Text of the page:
Malaysia will send back over 3,000 metric tons of contaminated, non-recyclable plastic waste to their countries of origin, environment minister Yeo Bee Yin said on Tuesday.
"Malaysia will not be a dumping ground to the world ... We will fight back. Even though we are a small country, we can't be bullied by developed countries,” she told reporters.
Yeo said 60 containers of contaminated waste were illegally smuggled into the country, and discovered on their way to illegal plastic recycling plants. Ten containers will be shipped back to their countries in the next two weeks, she added.
During a press conference, Yeo displayed the waste found in the containers. The items included cables, contaminated milk cartons, compact discs, and other electronic and household waste. While Malaysia processes plastic in its recycling facilities, items such as these cannot be recycled. The waste in question came from the US, UK, Canada, Australia, Bangladesh, Japan, Saudi Arabia, and China.
However, Yeo said the waste from China likely originated from other countries, like France, and had been diverted to Malaysia after China’s ban on imported plastic waste went into effect last year.
Since China banned the import of plastic waste in an effort to clean up its environment, Malaysia has become one of a number of developing countries, including Thailand, Vietnam, and Indonesia, now receiving the world's trash.
"This is probably just the tip of the iceberg [due] to the banning of plastic waste by China," Yeo said.
In the first seven months of 2018, the volume of plastic waste exported to Malaysia from the US reached more than twice that of the previous year.
Yeo said that in the past two years alone, a UK-based recycling company exported more than 1,000 containers holding 55,000 tons of plastic waste to the small country. Five containers were already shipped back to Spain earlier this month after being discovered at a port in Malaysia, she said.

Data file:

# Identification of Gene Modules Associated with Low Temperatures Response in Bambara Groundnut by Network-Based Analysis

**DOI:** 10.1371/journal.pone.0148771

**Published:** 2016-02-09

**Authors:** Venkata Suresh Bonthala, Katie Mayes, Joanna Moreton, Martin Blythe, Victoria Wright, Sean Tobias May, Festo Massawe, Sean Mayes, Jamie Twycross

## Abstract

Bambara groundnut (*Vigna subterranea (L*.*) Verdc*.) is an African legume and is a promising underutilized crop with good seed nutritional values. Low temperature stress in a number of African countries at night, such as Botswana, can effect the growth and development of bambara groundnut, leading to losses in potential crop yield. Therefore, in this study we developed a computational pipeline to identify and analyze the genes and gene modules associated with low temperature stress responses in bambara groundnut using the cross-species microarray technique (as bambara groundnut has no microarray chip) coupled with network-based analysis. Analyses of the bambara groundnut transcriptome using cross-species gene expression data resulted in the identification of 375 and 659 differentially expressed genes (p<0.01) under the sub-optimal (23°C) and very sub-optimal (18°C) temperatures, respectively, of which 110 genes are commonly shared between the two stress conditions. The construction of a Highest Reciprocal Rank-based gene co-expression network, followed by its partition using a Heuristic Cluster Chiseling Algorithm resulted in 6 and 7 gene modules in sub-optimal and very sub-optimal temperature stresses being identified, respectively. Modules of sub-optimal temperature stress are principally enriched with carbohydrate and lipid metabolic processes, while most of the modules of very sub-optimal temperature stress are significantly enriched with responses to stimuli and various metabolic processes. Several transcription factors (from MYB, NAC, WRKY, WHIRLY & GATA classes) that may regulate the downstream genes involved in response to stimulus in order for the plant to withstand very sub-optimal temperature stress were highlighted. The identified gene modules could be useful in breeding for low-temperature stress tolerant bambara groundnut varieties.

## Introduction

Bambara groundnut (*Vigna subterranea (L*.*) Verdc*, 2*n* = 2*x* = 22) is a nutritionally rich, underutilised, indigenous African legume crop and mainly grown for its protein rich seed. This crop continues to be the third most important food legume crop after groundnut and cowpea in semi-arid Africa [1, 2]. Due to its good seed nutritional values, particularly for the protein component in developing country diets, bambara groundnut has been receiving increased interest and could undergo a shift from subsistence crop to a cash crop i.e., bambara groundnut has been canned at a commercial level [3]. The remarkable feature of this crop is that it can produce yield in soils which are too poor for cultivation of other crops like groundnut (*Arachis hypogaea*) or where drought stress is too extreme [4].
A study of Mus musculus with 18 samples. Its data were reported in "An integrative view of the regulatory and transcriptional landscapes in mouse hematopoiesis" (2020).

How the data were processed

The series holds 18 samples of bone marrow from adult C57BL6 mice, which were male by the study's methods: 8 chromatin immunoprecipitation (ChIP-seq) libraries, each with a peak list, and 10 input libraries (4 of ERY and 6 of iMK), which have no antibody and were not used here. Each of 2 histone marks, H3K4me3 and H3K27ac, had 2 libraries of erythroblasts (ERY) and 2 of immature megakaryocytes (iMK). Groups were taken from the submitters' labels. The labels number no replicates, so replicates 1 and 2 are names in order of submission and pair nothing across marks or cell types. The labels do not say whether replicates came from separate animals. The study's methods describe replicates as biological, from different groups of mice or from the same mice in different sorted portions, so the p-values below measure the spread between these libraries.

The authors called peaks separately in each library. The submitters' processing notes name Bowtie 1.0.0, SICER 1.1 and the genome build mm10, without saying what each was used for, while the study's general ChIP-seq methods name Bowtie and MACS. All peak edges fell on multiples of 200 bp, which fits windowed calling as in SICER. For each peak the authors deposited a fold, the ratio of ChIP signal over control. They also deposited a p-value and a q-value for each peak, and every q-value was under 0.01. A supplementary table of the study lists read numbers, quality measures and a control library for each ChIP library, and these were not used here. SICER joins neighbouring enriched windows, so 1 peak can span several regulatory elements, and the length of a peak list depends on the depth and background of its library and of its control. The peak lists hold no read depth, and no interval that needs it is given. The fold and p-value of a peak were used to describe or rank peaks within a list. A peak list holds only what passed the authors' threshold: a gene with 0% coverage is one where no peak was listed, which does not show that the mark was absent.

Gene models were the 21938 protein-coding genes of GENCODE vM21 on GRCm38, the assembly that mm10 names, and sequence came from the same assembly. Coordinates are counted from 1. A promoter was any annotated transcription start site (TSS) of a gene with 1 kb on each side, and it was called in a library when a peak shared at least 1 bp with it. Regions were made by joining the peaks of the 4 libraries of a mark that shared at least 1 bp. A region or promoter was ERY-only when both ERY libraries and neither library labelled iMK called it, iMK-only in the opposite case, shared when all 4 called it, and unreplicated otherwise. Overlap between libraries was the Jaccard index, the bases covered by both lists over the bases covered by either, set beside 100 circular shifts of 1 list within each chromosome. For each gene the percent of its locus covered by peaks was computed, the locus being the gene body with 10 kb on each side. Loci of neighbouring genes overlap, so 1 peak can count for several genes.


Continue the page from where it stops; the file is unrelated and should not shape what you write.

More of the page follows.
"We urge the developed countries to review their management of plastic waste and stop shipping the garbage out to the developing countries," Yeo added.
Malaysia’s announcement of its firm stance against importing non-recyclable plastic comes soon after the Philippines demanded that Canada take back the non-recyclable waste that it had been exporting to the Southeast Asian nation for years.
The trend of developing countries refusing to accept foreign waste has highlighted the global scale of the plastic pollution problem. On May 10, more than 180 governments also agreed to add plastic to the Basel Convention, which regulates the international movement of hazardous waste.
“It is the right move by the Malaysian government, to show to the world that we are serious in protecting our borders from becoming a dumping ground,” Mageswari Sangaralingam, research officer at Consumers Association of Penang and Friends of the Earth Malaysia, told the Guardian.
This isn’t the first time that the country has attempted to address the issue of importing plastic waste. Zuraida Kamaruddin, Malaysia’s housing minister, announced in October that the country would outlaw imports of all type of plastic by 2021, Reuters reported.
The Malaysian government has also formed a joint task force, which launched on April 24, to combat illegal plastic imports and clamp down on recycling facilities operating without valid licenses and employing disposal methods harmful to the environment. Since last July, the government has shut down more than 150 illegal processing plants.